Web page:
Before I go into what happened last week, I figured it would be important to give a backstory.
My name is Kri Edholm. I’ve spent my entire career working in male-dominated industries like technology, search and rescue, and outdoor adventure endeavors. In most cases, I was the lone female of the group. I have been a jump master for AJ Hackett Bungy, a rigger for Le Reve, a rock climbing instructor, rafting guide, mountain rescue volunteer, and coder for software/web development companies. I have experience working as an executive in the technology industry and have sat on executive and non-profit boards.
As the owner of Leadership Excursion Co., I offer both leadership training and business coaching services. We specialize in operations by helping businesses operate more efficiently and implement training programs that support leadership development within an organization.
I am writing about the danger of sexism and gender stereotypes in leadership because this is the underlying current I’ve personally been swimming against and overcoming for nearly 25 years as a professional and as a woman. I’ve witnessed this time and time again and although it’s 2017, the current is still here. It’s alive and well.
This Really Happened
Last week, I attended a networking event comprised of professionals, business owners, and decision makers. The speaker for the evening had just wrapped up their talk and it was time to socialize and get to know others in the group. While networking, I ran into a friend of mine who owns a consulting business that offers services similar to my own.
Let’s call him “Carl”.
While Carl and I were catching up, “Jason” walked up to say hello. I knew Jason because I had recently presented a workshop to his leadership team. I introduced Jason to Carl and in doing so, they both described what they did for a living.
As soon as Carl described what he did, Jason responded, “Oh, so Carl, you help with operations and management and Kri, you focus on human resources?”
Right then and there, Jason stereotyped Carl and I based on our gender. Carl was “operations and management” and Kri was “human resources”.
Were we offended?
Was I offended? For a split-second, yes. Was Carl offended? I can only assume he was based on the sigh he let out along with the response, “ummm…not really.”
I was more offended because less than 30 days prior to this interaction, I stood in front of Jason and his senior leadership team and presented a 2-hour workshop that had nothing to do with human resources. In fact, I gave an overview of my services along with a workshop focused on management, leadership, and business operations. We also discussed in detail how I would partner with his organization’s human resources department to be sure operations and HR were on the same page. Roles were defined and mine did not include human resources at all.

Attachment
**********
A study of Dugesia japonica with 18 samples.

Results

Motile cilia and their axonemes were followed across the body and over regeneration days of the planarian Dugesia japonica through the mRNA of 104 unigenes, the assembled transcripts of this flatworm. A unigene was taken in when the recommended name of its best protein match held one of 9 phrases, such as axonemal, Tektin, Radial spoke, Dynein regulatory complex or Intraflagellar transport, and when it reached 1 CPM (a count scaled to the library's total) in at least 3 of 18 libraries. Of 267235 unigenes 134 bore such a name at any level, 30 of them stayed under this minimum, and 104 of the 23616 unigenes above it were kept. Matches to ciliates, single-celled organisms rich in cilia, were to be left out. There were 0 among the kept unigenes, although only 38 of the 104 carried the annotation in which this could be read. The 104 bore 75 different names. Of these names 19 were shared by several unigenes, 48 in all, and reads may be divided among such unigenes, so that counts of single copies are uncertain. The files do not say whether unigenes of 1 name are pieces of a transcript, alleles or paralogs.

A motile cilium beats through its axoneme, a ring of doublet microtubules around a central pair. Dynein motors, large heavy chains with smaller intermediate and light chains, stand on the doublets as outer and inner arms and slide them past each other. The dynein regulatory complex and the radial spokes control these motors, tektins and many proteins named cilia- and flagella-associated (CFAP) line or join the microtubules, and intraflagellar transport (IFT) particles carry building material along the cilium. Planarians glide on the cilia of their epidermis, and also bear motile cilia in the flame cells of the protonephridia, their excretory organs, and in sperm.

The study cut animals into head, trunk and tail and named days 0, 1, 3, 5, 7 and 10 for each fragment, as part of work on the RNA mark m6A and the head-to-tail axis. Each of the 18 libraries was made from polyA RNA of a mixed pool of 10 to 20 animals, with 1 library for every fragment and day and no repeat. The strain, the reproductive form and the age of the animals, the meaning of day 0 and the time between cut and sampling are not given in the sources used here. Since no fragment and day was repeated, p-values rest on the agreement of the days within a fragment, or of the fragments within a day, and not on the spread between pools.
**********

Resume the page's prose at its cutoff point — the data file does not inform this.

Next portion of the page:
In saying this, being offended doesn’t get anyone anywhere. Instead, I saw this as a learning experience to 1. revisit the delivery of my business overview (maybe my delivery can be more clear) and 2. an opportunity to educate.
The danger in sexism and gender stereotypes
In this particular scenario, I was gender stereotyped. But let’s not forget. So was Carl. This is blatant sexism and I can’t emphasize enough how dangerous this is for leaders.
The reason why this is so dangerous is because as a leader, you are limiting yourself. You’re limiting your team of people. You’re limiting everyone around you. If you come from a mindset that only women manage human resources, you are automatically decreasing your potential for working with a qualified and/or fitting HR resource by half.
Most leaders are already well aware of how difficult it is to find a resource that fits the need of any position.
As a leader, you’re also taking away opportunity for your resources to succeed. What if you had a human resources vacancy and your organization prefers to promote from within? What if you only looked at female resources and because you didn’t see a good fit, you hired an outsider? What if you had the right fit internally but they were male and you didn’t even consider them?
Well, you missed out and it’s not a small oversight. As an example, Jason sat through a 2 hour workshop with me and he wasn’t able to see past my sex. He potentially didn’t absorb the lesson because he placed an invisible limit on himself and in turn, his team.
It costs thousands of dollars to recruit, hire, and train new resources. It costs time to bring someone up to speed, make sure they’re a culture fit, and will bring your organization to a place you want it to be. If you brought in an outsider and they didn’t work out, you’ve lost valuable time, money, and potentially morale. It’s a setback you, as a leader, simply can’t afford.
What you can do
If you notice this happening around you, take every opportunity you can to educate. And don’t be shy about it because it’s unacceptable.
If you are a leader, take the time to do a self-evaluation. Is there a possibility that you’re limiting yourself and your organization because of underlying sexism or stereotyping? If you’re not sure how to self-assess, reach out to a business coach, attend a leadership training course, speak to a colleague, or discuss with your very own human resources department.
Although it catches me off guard when it happens, it doesn’t surprise me. I know all too well that sexism and gender stereotypes exist and it’s one of the reasons why I launched a leadership development business. This has been happening, it will continue to happen, and it’s not only women who are on the receiving end of this unfortunate action. Men are affected, too, and it’s time we take every opportunity to stop limiting ourselves as leaders.
Share your story with us in the comments below. What are you doing to overcome these types of challenges as a leader?